One of the biggest weaknesses of Microsoft Outlook has been the search feature. It takes so long for Outlook to search that the feature is almost useless.

Searching is not a hard problem, and a lot of plug-ins sprang up to solve this problem. Lookout was one of the best. It just works. Searching five years of accumulated email takes less than a second. Indexing is done quietly in the background and never slows down your system. Suddenly email is useful again.

So what happens? Microsoft buys Lookout. That’s nice, good for them.

But look more closely at the Q&A:

Q: Why can’t I download Lookout anymore?

We will be focusing our efforts on integrating our expertise and working on next-generation technologies.

Huh? What’s going on?

Q: What is Microsoft going to do with Lookout? …

The existing Lookout product will no longer be available, but its technology will be part of an exciting vision that MSN has for delivering new and innovative search services.

MSN?! Lookout is going to be part of MSN? What about Outlook?

Our vision is to take search beyond today’s basic Internet search services to deliver direct answers to people’s questions, and help them find information from a broad range of sources.

What? What the hell does this have to do with searching email? Could Microsoft have possibly bought Lookout just to shut them down? Even at my most paranoid, I can’t for the life of me figure out why Microsoft wants searching in Outlook to be worthless. Maybe just Hanlon’s Razor: “Never attribute to malice that which is adequately explained by stupidity.”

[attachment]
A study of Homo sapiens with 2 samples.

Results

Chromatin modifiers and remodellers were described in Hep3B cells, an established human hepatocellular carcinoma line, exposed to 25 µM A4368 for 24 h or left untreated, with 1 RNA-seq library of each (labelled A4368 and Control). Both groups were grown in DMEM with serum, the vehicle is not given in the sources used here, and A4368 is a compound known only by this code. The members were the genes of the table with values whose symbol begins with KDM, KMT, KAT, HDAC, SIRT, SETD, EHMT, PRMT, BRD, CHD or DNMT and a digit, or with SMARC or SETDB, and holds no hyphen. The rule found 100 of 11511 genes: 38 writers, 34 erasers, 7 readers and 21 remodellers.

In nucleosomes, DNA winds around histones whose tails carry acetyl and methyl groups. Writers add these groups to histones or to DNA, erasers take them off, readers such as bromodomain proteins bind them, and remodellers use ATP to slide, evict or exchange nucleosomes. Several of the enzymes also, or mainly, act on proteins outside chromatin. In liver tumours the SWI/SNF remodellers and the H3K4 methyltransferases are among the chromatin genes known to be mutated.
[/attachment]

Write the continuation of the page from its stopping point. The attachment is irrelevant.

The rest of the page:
Update: They figured it out on the discussion group. Lookout is using an open-source component for searching, which Microsoft can’t redistribute. The only part of Lookout that Microsoft allegedly cares about, the search engine, is released under the Apache license. The only part of Lookout which Microsoft can use is the Outlook integration, and they don’t seem to care about that. Methinks this is one of those “HR Acquisitions,” wherein Microsoft buys a company for a few bucks because it’s the only way to hire someone they want.

About the author.

In 2000 I co-founded Fog Creek Software, where we created lots of cool things like the FogBugz bug tracker, Trello, and Glitch. I also worked with Jeff Atwood to create Stack Overflow and served as CEO of Stack Overflow from 2010-2019. Today I serve as the chairman of the board for Stack Overflow, Glitch, and HASH.